All imaging systems suffer from aberrations that reduce the resolution below the theoretical value often referred to as the diffraction limit. Although there are numerous sources of aberrations, the turbulent character of Earth's atmosphere is definitely the worst. In the last two and a half decades, a series of techniques to remove the detrimental effects of atmospheric turbulence have been developed and rigorously tested. These techniques are commonly referred to as adaptive optics (AO).1,2
The early success of AO for atmospheric compensation has lead researchers to apply it to other optical systems—imaging and non-imaging alike—such as medical imaging and high-power industrial lasers.3This surge in interest has been fueled by the use of new technologies like microelectromechanical systems (MEMS) and liquid-crystal devices. These have greatly reduced the complexity and cost of adaptive optical systems, allowing experimentation by more researchers.
A standard AO system typically has three main components: a wavefront sensor that measures the aberrations; a control system that reads the wavefront sensor and calculates and applies correction; and the wavefront corrective element1–3 The latter is the component that will physically change the impinging light in order to remove the aberrations. The most common type of corrective element is a deformable mirror, i.e. a flexible mirror with actuators (usually piezo-electric) that can deform the surface of the mirror to the phase conjugate of the aberrated wavefront, removing or greatly reducing the aberrations in the reflected light.
Such systems, while very successful in the past decades, have also proven extremely bulky, costly, and complex to operate. The use of MEMS as corrective elements has resulted in a reduction of cost, complexity, and weight. Standard AO systems require large optical benches, several racks of dedicated power supplies, and computer equipment. We developed a system with a physical form factor of only 51 × 71 × 51cm (20 × 28 × 20in), a total weight of 45kg (100lb), and with all power supplies and computer equipment in a single enclosure.4 This has allowed fully-functional AO systems to be added to several different telescopes with only a few days of setup time at each site.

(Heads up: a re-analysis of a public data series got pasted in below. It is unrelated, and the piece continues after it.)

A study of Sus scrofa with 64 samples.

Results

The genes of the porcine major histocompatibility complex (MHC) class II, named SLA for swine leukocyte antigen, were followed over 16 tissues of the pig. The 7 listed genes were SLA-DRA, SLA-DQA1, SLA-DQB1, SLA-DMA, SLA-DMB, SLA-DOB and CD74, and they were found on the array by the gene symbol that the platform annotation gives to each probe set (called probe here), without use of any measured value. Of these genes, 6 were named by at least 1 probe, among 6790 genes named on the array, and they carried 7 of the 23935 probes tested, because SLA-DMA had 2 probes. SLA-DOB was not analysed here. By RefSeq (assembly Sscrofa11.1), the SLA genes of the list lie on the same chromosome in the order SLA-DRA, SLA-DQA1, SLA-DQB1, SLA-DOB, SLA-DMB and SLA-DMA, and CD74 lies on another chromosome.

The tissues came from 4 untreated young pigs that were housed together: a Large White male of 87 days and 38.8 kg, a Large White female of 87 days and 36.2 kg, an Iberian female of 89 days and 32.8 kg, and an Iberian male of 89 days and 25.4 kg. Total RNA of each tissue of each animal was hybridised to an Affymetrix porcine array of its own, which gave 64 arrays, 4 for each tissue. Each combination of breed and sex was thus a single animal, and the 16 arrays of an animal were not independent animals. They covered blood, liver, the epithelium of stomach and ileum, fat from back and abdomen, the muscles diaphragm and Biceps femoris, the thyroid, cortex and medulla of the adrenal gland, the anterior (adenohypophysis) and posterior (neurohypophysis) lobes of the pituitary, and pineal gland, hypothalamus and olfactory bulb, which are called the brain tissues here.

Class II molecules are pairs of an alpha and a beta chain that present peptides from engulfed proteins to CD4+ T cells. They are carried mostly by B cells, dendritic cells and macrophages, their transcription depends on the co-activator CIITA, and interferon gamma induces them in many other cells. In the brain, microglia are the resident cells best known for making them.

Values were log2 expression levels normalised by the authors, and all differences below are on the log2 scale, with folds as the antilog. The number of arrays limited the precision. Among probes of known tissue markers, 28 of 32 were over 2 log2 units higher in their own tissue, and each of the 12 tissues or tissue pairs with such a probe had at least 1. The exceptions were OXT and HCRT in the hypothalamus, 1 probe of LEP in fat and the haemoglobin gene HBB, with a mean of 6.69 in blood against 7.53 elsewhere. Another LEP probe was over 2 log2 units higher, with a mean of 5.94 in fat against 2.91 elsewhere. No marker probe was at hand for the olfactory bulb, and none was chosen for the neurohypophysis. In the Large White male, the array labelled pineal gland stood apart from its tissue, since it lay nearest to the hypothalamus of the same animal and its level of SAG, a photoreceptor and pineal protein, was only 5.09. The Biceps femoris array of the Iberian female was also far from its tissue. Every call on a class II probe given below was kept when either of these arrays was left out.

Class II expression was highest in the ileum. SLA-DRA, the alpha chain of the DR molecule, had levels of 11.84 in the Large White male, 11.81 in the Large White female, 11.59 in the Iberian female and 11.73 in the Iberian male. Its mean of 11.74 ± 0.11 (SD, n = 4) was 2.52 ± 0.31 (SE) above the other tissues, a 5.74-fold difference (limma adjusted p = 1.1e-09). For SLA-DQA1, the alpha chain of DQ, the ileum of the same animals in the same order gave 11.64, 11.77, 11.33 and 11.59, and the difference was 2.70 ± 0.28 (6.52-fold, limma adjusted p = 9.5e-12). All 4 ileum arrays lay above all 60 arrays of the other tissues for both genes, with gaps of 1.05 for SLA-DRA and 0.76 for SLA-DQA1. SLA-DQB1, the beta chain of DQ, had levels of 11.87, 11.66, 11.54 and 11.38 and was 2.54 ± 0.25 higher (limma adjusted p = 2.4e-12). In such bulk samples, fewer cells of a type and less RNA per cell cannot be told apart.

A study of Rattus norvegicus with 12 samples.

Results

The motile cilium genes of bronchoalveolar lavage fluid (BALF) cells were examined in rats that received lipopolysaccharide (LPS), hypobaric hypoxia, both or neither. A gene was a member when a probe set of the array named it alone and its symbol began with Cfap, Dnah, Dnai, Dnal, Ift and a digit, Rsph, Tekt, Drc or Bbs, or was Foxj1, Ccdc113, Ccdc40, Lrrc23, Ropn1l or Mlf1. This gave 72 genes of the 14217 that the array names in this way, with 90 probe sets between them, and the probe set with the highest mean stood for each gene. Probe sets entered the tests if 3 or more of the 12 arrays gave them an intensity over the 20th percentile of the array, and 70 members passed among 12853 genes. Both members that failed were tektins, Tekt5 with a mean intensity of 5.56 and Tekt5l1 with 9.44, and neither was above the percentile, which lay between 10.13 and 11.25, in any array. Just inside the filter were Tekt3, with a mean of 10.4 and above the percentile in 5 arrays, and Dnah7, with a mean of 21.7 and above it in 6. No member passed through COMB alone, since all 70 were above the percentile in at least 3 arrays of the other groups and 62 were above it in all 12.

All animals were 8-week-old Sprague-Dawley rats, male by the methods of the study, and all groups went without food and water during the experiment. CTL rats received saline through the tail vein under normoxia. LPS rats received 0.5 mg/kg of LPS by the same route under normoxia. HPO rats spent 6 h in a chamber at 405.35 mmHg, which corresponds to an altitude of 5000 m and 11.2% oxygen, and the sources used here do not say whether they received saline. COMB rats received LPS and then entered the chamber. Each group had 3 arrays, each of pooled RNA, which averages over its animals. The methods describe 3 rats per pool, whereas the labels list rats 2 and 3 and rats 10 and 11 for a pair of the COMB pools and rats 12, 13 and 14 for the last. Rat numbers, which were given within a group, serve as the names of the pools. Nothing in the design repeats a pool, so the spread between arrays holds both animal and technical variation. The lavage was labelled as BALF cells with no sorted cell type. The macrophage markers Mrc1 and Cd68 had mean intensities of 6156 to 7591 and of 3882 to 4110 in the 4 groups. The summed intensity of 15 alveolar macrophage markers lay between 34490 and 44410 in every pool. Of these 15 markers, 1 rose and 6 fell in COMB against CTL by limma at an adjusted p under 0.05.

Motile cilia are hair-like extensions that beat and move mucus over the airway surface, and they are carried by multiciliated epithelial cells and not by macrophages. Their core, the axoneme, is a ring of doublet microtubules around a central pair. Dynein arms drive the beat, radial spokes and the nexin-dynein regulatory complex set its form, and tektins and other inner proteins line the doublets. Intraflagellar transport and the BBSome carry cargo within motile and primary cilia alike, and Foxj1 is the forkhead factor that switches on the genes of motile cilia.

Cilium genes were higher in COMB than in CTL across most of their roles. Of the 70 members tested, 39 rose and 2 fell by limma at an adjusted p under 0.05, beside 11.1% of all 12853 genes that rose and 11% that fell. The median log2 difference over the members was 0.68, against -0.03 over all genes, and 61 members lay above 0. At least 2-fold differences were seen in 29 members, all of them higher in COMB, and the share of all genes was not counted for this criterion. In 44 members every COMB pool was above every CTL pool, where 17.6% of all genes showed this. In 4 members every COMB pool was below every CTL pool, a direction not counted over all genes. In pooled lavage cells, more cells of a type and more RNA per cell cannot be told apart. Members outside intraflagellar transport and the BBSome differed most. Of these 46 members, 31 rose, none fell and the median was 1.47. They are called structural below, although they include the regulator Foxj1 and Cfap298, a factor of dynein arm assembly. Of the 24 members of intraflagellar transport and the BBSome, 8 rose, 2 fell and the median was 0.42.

On one such experiment, the AO system was transported roughly 300 miles and bolted to the back of a 1m telescope at the US Naval Observatory Flagstaff Station. The results shown in (Figure 1 were obtained after a setup lasting less than one day on the bright star α Lyrae (Vega). The left side shows the image of the star without the help of AO, while that on the right is with the aid of our portable system. The energy gathered by the telescope without AO is spread on a large area of the detector resulting in a dramatically-reduced signal-to-noise ratio (SNR). The image on the right shows more symmetry and a higher energy concentration, resulting in a higher SNR.
Figure 1. Image of the bright star α Lyrae (Vega) seen through a 1m telescope. The left side is the stellar image corrupted by the Earth's atmospheric turbulence. The right side is the same stellar image corrected by the AO system.
One way of measuring the amount of correction possible by an AO system is by measuring the so-called Strehl ratio. This is defined as the peak intensity of the aberrated stellar image over the peak intensity of the diffraction-limited image. Figure 2 shows a cross cut of the two stellar images overlapped, with the respective Strehl ratios. From this figure it is possible to determine that the AO system was able to produce a seven-fold increase in energy concentration, thus creating a higher SNR.
Figure 2. Cross cut and overlap of the two stellar images shown in Figure 1. The Strehl ratio is a measurement of the improvement attained by the AO system.
The integration of portable MEMS-based AO systems with standard astronomical telescopes allows atmospheric turbulence correction at a reduced cost and complexity. We have shown a seven-fold increase in Strehl ratio with a system that can be fully integrated on any telescope in two days or less. Future work will yield in a further reduction in size and power consumption by implementing new low-power electronics and computers, while increasing the Strehl ratio by integrating larger-aperture MEMS deformable mirrors.